Cancellation of Peterhead carbon capture project ‘huge strategic loss’ to UK

Prof Stuart Haszeldine
Prof Stuart Haszeldine

The Carbon Capture and Storage Association has published a new report highlighting 36 crucial lessons for industry and policy makers resulting from the UK’s cancelled Carbon Capture and Storage (CCS) Competition. 

Despite entering a period of uncertainty in the UK across different sectors, following the referendum result on European Union membership, action on climate change remains an essential goal.
 
The UK Government is currently developing its Carbon Plan, which will describe a path towards achieving legally binding targets on reducing greenhouse gas emissions. The Paris Agreement on climate change also commits the UK to honouring a pledge to help contain global warming to within 2C, or even 1.5C. 
 
Renewable energies and energy efficiency measures can contribute to reducing the carbon footprint of electricity generation, but CCS remains the only option for harder-to-reach areas, such as industrial processes. 
 
Welcoming the report, Prof Stuart Haszeldine, Director of the Scottish Carbon Capture and Storage project, said: “The CCSA’s Lessons Learned report highlights some key issues, which must be heeded if climate action is to succeed through the deployment of CCS.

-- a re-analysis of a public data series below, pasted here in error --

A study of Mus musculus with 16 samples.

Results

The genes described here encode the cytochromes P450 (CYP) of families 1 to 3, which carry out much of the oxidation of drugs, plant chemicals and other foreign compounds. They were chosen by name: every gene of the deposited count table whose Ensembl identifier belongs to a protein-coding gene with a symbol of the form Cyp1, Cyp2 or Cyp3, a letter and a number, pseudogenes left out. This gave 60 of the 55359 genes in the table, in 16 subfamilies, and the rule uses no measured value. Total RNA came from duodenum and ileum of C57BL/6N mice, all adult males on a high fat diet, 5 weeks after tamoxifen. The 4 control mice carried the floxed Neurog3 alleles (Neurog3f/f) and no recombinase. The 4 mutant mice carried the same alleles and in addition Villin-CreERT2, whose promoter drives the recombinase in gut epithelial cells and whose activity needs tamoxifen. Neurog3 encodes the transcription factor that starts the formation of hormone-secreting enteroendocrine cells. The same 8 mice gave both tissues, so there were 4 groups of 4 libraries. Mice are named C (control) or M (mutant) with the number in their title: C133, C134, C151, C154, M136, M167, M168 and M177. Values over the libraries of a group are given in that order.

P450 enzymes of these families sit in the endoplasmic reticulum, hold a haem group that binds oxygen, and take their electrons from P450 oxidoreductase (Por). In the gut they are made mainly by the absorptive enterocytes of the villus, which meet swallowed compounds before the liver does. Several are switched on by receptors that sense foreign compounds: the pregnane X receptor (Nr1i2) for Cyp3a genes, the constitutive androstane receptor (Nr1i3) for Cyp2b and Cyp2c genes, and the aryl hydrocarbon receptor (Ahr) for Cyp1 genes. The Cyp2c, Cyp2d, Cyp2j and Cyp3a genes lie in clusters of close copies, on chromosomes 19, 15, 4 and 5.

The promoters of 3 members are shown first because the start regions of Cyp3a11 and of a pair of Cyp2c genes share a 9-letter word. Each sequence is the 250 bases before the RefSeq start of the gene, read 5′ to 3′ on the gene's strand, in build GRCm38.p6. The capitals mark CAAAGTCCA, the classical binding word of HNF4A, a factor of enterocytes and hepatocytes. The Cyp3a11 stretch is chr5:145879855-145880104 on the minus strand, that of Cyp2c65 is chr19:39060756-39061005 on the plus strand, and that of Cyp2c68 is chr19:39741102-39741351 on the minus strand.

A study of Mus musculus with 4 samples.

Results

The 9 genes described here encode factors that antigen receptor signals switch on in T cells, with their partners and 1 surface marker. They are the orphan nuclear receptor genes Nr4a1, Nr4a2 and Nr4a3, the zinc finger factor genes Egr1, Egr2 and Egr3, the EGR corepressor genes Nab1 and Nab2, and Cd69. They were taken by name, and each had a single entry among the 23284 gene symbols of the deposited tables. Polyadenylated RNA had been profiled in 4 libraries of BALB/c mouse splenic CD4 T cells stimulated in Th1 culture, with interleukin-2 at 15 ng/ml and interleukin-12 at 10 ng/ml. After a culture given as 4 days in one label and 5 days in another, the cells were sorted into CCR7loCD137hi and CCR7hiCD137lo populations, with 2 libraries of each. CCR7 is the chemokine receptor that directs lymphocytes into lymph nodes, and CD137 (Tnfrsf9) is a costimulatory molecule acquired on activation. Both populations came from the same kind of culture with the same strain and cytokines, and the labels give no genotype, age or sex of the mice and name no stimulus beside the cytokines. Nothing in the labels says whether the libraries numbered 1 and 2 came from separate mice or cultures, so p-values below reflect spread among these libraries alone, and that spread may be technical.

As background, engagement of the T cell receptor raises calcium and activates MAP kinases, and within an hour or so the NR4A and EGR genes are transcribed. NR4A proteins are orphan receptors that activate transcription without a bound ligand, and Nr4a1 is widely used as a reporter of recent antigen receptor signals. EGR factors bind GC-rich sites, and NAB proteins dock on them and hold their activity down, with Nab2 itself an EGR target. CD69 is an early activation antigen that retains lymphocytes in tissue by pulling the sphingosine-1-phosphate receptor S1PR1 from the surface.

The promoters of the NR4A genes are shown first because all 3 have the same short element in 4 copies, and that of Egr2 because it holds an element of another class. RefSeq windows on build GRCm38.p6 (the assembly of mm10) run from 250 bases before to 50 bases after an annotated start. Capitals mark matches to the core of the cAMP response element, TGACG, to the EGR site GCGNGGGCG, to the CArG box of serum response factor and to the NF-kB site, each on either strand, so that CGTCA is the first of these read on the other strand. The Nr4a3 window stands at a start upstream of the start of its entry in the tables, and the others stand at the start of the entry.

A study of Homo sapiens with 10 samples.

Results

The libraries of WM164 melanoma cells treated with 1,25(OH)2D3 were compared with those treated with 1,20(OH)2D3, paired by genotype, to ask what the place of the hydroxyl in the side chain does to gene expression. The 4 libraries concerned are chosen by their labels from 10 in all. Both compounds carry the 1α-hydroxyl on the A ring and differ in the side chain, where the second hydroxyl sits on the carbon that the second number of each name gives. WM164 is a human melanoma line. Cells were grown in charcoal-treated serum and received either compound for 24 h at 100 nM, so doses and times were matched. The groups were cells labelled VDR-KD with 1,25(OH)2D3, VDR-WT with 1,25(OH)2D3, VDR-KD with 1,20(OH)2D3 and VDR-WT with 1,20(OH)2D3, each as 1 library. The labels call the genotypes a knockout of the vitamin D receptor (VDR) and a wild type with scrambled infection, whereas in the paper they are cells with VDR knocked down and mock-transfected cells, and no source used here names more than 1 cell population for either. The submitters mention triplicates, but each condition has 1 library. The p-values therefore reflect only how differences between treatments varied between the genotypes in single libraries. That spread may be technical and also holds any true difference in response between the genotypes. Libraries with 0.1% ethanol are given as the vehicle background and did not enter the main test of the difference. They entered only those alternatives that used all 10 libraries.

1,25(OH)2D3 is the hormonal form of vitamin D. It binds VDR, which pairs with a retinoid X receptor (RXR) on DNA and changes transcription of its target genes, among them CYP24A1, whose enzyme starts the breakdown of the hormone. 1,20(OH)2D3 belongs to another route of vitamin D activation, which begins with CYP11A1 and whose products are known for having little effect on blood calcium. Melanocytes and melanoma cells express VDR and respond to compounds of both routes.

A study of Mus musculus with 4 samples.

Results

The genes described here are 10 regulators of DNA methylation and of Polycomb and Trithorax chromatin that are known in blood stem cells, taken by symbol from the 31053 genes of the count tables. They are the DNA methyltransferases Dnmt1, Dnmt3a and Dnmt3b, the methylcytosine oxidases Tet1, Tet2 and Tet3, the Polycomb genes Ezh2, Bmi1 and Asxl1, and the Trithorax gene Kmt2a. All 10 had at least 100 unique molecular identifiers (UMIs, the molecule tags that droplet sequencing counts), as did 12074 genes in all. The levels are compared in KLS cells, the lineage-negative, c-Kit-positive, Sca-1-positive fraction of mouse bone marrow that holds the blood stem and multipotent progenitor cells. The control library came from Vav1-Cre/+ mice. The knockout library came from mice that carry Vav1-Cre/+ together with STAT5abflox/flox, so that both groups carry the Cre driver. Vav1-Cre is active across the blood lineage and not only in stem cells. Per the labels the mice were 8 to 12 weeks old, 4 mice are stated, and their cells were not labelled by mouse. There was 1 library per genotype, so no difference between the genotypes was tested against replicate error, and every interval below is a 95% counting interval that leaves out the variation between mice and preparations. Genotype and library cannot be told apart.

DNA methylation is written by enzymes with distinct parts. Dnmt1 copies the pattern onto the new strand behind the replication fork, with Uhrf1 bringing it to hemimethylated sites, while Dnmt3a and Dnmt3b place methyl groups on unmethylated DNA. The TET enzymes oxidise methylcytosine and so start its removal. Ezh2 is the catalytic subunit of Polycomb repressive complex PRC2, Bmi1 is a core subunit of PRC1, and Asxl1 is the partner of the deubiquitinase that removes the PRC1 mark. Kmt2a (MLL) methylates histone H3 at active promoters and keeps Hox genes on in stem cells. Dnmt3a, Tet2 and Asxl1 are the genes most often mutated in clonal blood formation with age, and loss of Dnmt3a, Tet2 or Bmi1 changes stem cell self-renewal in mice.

“Under the terms of the UK CCS Competition, the Peterhead and White Rose projects suffered from having to bear full-chain costs. These pioneering projects should instead have been prized for unlocking essential CO2 transport and storage infrastructure that could decarbonise the industry, heat generation and transport sectors well into the future.
 
“After the abrupt withdrawal of CCS funding by the Treasury, subsequent government defence of this action cited its high cost. However, the CCSA’s evidence-based assessment finds the now cancelled projects and their projected costs to have been in line with the government’s stated objectives and expectations. 
 
“In particular, Peterhead is found to have been a unique opportunity ‘within the structure, risk allocation and terms of the Commercialisation programme’, an opportunity that ‘would seem unlikely to recur’. This is a huge strategic loss to the UK’s decarbonisation capability.
 
“With these key findings in mind, and access to other expert advice on achieving its Carbon Budgets, the UK government must now, without delay, present its vision for decarbonising the UK’s power, industry, heat and transport sectors in line with the requirements of the 2008 Climate Change Act.